Southern Arizonans rejoice over monsoon rains, until we approach a flooded roadway or intersection on our way home from the store or work and wonder if we have enough clearance to cross.
We all know we must avoid dip crossings and not enter an obviously flooded roadway, but we’ve also all driven streets in the Tucson metro area that become a primary channel for rainwater when the clouds collapse to drench our desert.
In an effort to continually improve our region’s transportation safety, every Regional Transportation Authority road corridor improvement project includes drainage planning and infrastructure.
In some cases, that means overhauling the underground drainage system, such as on the ongoing Downtown Links and Broadway Boulevard projects. Both are vastly improving underground stormwater drainage capacity to channel water away from residential areas and into retention basins, washes, or the Santa Cruz River to keep homes and businesses safe and accessible during a storm.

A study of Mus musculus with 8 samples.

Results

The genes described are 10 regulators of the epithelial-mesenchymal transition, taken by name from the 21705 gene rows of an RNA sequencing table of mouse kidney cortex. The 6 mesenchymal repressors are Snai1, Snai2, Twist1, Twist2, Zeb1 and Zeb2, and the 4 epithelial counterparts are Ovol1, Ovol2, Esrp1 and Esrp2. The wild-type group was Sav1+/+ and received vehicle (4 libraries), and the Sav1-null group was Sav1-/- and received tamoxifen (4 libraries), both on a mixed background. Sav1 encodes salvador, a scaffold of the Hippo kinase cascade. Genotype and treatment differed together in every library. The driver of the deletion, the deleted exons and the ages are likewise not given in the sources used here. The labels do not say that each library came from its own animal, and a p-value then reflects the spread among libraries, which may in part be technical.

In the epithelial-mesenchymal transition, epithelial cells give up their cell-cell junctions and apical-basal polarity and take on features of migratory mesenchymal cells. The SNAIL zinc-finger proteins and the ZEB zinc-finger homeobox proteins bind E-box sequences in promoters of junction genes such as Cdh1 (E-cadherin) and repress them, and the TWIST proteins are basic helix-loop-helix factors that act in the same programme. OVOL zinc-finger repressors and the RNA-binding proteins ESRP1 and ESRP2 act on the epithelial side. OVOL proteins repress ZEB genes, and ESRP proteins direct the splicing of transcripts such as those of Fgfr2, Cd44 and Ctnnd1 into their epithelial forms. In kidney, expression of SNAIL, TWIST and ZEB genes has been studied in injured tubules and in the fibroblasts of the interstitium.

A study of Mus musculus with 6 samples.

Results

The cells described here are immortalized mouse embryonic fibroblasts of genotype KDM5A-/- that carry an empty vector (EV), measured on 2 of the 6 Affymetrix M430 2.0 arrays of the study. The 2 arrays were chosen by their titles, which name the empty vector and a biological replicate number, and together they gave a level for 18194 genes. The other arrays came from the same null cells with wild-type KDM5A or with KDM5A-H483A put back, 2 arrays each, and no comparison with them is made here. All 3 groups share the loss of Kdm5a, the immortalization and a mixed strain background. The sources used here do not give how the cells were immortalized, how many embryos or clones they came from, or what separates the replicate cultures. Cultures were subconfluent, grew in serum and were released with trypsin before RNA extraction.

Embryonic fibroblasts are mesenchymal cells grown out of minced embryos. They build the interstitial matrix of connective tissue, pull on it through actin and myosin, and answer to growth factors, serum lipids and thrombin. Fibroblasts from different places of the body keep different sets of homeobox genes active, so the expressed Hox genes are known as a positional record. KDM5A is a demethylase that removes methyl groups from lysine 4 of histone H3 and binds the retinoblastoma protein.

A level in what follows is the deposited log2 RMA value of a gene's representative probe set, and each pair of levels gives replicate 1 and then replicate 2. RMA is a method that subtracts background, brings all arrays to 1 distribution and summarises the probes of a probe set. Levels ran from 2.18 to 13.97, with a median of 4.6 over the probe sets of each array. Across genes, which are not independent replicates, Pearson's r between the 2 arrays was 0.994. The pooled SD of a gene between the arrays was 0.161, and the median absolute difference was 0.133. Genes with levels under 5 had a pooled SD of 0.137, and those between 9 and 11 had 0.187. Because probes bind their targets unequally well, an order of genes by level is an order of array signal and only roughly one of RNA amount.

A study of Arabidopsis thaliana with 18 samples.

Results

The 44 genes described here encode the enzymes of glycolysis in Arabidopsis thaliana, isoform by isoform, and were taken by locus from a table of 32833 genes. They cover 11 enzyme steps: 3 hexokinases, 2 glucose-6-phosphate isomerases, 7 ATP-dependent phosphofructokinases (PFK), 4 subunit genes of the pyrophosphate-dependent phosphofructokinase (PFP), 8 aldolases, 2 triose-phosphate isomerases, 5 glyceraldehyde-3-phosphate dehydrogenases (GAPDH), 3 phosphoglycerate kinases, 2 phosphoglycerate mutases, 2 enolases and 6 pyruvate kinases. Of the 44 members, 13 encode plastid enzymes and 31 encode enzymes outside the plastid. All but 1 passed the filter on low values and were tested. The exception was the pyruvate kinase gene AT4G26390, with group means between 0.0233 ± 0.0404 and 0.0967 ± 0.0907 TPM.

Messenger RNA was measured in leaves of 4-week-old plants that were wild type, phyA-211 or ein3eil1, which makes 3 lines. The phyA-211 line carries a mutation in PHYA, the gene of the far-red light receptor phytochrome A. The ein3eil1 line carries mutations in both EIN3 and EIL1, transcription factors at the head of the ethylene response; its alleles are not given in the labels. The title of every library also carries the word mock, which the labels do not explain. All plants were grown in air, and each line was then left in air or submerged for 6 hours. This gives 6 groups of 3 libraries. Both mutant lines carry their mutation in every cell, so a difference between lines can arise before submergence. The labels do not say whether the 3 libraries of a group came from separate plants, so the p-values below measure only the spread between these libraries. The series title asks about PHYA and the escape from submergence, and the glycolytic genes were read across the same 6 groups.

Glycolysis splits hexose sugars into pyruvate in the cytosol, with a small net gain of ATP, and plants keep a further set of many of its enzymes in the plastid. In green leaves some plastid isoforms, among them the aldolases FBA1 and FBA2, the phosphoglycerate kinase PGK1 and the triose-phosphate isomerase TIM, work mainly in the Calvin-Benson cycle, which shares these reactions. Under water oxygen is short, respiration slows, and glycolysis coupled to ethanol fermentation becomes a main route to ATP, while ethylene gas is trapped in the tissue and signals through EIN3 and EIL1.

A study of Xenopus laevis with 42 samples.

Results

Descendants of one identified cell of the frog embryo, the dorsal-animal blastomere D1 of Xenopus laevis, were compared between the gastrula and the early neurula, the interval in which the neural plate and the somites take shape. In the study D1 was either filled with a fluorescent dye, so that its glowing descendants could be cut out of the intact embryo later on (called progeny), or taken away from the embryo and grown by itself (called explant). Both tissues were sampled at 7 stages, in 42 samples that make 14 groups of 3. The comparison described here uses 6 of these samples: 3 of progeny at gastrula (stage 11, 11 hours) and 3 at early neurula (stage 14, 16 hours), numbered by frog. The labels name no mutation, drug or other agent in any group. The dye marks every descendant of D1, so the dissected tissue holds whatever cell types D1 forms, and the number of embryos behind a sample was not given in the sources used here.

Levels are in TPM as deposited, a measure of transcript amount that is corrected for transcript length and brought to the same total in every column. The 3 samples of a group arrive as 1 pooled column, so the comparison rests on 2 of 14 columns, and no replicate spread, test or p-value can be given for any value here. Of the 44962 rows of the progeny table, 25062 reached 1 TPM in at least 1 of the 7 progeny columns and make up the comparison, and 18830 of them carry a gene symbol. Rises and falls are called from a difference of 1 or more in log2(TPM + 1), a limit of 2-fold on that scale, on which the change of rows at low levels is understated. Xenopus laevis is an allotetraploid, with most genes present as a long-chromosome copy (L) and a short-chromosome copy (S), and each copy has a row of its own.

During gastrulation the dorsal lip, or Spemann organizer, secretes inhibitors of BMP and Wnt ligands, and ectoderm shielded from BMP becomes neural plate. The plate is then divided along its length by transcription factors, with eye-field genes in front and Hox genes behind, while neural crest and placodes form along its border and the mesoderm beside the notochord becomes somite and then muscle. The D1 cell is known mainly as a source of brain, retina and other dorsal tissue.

In other cases, it means landscape adjustments to add retention basins, such as along East Grant Rad at North Park Avenue, or channels to take water where it needs to go. Sometimes, it’s a combination of engineering strategies to divert water from the road surface to a proper drainage network.
The 20-year RTA plan, including 35 roadway corridor projects, was voter-approved in 2006 and each project is at least partially funded by a voter-approved half-cent excise (sales) tax.
To see a snapshot of the major roadway projects the RTA has completed, all of which include drainage elements, see our RTA roadway improvements map.